What Can Exercise Do for Your Brain?
By Robert Silverman, DC, DACBN, DCBCN, MS, CCN, CNS, CSCS, CIISN, CKTP, CES, HKC, FAKTR
Heart-pumping, sweat-inducing, stress-relieving—exercise promotes a wide range of well-known physical health benefits. Exercise makes us feel better, but endorphins shouldn’t get all the cognitive credit. Exercise—and its effects on the brain—plays a critical role in our mental health, too. Here are three ways exercise supports your brain function.
- Supports cognitive function and mood
Studies have found that even a single bout of acute exercise can have significant positive effects on our cognitive function.1 Research suggests that aerobic exercise helps create new brain cells—a process called neurogenesis—and improves the way the brain works. Neurogenesis occurs in the hippocampus and striatum and is essential to learning and memory.2 Tough workouts, like high-intensity interval training or HIIT, can also boost decision-making and higher thinking.3 Not to mention exercise has been proven over and over to boost our moods. Working out makes us happier, healthier, smarter, and more positive humans.
- Helps prevent cognitive decline
As we age, our brain cells die, and the brain itself shrinks, losing important functions in the process. Add to that, cardiovascular risk factors that disrupt endothelial cell function and poor sleep that impacts white matter integrity and the clearance of toxic proteins. Exercise, however, has been shown to decrease the likelihood of developing vascular risk factors and improve quality of sleep—both of which reduce the risk of cognitive decline.4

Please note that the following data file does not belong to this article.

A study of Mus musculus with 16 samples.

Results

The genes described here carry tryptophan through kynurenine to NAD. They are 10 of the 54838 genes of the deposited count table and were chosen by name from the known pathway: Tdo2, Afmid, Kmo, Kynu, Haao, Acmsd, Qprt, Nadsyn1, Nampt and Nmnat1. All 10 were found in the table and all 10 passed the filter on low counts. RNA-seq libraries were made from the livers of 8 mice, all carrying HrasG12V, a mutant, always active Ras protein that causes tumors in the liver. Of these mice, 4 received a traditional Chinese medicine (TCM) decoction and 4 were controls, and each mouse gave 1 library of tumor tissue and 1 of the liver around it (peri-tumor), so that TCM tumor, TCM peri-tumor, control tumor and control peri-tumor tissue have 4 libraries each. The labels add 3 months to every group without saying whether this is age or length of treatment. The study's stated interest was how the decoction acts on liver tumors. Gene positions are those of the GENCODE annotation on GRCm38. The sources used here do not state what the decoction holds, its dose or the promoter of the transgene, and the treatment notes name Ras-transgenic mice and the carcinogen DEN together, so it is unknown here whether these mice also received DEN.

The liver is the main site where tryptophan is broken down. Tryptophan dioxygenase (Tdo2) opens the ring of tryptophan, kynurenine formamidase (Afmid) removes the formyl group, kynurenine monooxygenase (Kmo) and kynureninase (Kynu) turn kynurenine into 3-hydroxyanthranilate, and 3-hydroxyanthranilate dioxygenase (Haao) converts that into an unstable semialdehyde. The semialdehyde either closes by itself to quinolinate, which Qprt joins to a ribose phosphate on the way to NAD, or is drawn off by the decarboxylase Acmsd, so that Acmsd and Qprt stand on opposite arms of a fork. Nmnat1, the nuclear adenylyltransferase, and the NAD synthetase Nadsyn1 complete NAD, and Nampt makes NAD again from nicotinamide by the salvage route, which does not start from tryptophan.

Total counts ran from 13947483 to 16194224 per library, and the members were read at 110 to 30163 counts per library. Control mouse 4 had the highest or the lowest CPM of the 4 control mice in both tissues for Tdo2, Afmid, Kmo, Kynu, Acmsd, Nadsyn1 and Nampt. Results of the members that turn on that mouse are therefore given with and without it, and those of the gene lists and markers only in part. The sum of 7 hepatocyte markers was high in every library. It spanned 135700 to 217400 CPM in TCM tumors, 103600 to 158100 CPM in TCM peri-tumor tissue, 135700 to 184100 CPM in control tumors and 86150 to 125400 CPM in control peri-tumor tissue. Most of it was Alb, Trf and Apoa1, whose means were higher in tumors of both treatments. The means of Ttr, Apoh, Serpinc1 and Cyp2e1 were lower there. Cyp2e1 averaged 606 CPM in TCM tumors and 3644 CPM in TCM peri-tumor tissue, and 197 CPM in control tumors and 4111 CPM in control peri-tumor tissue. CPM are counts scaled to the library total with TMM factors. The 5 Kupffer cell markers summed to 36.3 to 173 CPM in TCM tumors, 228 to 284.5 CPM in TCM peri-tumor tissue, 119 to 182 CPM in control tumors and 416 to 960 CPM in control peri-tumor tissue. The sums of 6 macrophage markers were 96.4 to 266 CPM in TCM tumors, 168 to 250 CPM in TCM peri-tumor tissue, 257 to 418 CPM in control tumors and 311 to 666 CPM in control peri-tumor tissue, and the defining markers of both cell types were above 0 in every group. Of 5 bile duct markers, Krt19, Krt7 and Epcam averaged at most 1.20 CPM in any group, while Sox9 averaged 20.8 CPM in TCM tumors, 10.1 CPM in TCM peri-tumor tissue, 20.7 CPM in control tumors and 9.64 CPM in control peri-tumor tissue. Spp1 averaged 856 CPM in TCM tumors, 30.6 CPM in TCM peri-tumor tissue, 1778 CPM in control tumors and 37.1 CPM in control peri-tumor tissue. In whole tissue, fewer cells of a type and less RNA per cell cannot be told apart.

- Enhances the effect of brain training
In efforts to prevent cognitive decline, some people engage in “brain training.” Brain training is a system of exercising the brain to improve aspects of cognition. Brain training programs are designed to improve functions like memory, attention, focus, and brain speed.
One study that focused on the combined effects of brain training and exercise found that the combination of the two had a synergistic effect—even more impactful than exercise alone.5 The research suggests that exercise increases memory linked with hippocampal function and, in turn, that fitness improvements are correlated with increased brain-derived neurotrophic factor.5
Whether you prefer a morning jog in the park, a 20-minute, midday HIIT workout, or an after-work weight room session, exercise plays a critical role in supporting your brain throughout the day. How you perform at work now—and how well your brain ages in the future—depends on your breaking a sweat. A healthy, well-trained, and cared-for brain will fare better and recover from injury quicker with the support of regular exercise. Isn’t it time that you got started?
As always, consult with your healthcare practitioner before beginning any exercise program.
- Brain Plasticity. 2017;2(2):127-152.
- Choi S et al. Science. 2018:361(6406).
- Dougherty RJ et al. J Alzheimers Dis. 2017;58(4):1089-1097
- Curr Opin Psychiatry. 2014 Nov; 27(6): 478–483.
- Heisz JJ et al. Journal of Cognitive Neuroscience. 2017;29(11):1895-1907.
Dr. Silverman is a paid consultant and guest writer for Metagenics.